Bob Fisher: Agricultural Robots – Chances and Issues
Professor Bob Fisher talks about the TrimBot2020 Gardening Robot and other issues with agricultural robots.
TU Wien, Campus Argentinierstraße
1040 Vienna, Argentinierstrasse 8
Erdgeschoß, Eingang Paniglgasse, Raum EAEG06
The TrimBot gardening robot was developed as a prototype in the EC-funded TrimBot2020 research project. It was designed as a mobile, largely autonomous robot for pruning bushes and rose plants. As an outdoor robot, it had to deal with changing lighting, targets moving in the wind, navigation problems, and natural plants with limited shape models. But the robot could successfully prune. This talk will overview the technologies enabling the robot. Prof. Fisher will also present work on the aerial classification of forests needing thinning.
About Bob Fisher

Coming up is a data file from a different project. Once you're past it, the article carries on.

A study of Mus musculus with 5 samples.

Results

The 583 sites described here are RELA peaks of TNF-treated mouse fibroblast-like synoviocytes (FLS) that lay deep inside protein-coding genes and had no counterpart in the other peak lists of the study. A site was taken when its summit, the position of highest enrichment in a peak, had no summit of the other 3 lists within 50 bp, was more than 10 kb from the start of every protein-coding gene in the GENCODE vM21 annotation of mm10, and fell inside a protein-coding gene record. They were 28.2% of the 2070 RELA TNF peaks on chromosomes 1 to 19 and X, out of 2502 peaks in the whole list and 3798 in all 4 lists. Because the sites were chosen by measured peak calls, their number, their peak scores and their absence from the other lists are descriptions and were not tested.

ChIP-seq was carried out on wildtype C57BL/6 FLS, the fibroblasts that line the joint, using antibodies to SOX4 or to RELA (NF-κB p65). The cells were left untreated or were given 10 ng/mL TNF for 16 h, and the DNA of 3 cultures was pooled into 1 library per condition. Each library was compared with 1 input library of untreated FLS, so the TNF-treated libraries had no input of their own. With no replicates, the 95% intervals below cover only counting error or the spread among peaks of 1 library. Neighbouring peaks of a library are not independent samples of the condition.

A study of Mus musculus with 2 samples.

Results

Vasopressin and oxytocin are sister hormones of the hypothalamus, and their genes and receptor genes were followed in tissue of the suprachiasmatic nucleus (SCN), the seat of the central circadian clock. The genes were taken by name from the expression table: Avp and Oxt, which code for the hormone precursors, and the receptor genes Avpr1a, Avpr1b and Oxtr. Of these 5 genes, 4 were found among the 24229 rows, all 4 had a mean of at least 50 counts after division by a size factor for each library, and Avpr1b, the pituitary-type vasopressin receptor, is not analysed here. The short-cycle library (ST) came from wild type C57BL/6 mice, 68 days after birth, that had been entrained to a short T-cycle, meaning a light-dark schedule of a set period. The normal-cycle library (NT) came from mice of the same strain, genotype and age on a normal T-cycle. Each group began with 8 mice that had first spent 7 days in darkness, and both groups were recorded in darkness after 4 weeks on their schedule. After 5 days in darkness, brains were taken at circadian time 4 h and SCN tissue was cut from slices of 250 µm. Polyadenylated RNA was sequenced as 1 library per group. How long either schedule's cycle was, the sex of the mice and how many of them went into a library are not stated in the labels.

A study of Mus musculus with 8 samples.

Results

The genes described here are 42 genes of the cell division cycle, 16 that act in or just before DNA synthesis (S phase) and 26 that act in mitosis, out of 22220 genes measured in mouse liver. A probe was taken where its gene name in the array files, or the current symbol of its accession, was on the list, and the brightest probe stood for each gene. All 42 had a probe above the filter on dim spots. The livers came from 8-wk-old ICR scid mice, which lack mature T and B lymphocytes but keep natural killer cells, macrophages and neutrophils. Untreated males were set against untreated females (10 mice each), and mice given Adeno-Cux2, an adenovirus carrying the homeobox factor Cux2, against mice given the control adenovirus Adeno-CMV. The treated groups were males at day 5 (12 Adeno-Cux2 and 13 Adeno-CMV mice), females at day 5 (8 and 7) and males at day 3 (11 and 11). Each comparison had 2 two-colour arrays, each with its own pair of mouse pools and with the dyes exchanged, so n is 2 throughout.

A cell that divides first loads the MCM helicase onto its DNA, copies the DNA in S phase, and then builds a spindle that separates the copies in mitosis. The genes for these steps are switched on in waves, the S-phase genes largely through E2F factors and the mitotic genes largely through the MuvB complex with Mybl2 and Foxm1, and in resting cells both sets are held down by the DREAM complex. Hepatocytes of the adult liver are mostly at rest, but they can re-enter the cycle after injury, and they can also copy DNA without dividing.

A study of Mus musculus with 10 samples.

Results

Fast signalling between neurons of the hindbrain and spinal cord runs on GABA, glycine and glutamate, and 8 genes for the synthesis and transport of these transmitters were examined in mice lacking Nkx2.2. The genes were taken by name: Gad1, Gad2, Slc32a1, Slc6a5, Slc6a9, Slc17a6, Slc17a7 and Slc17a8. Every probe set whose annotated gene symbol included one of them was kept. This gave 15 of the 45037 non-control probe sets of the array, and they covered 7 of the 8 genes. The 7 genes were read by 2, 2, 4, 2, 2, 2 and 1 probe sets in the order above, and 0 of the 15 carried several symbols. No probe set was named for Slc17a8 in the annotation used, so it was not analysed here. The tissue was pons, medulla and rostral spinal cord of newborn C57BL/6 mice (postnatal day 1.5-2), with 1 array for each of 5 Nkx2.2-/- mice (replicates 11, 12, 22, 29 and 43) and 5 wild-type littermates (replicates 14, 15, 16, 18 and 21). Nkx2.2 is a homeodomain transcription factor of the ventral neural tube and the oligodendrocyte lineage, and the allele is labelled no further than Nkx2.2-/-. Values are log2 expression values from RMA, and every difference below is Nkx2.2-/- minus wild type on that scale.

Professor Robert B. Fisher is the Chair in Computer Vision at the School of Informatics, University of Edinburgh. He received a B.S. with Honors (Mathematics) from the California Institute of Technology (1974) and a M.S. (Computer Science) from Stanford University (1978). He received his Ph.D. from the University of Edinburgh (1987), investigating computer vision. Since then, Bob has been an academic at Edinburgh University, now in the School of Informatics, where helped found the Institute of Perception, Action and Behaviour. His research covers topics in high-level and 3D computer vision, focussing on reconstructing geometric models from existing examples (of industrial parts, buildings and people – the latter work has contributed to a spin-off company, Dimensional Imaging, in conjunction with Glasgow University). More recently, he has also been researching video sequence understanding, in particular attempting to understand observed behavior. He also has a passion for online teaching and research resources for the computer vision community, leading to several well-used text and interactive exploration resources. He has published or edited 9 books and about 260 peer-reviewed scientific articles, including 43 journal papers. He has been the principal investigator on about 5 million pounds of research funding, primarily from EPSRC and the EC. Most recently, he has become joint PI on a Wellcome Foundation grant (350K pounds) to investigate 3D aspects of skin cancer, a co-investigator on a bat acoustic robotics project, which is using a novel 500 fps range sensor (340K pounds) and the coordinator of a project acquiring and analyzing video data of fish over about 20 camera-years. Currently, he is also the Dean of Research at the College of Science and Engineering. He is a Fellow of the Int. Association for Pattern Recognition (2008) and the British Machine Vision Association (2010).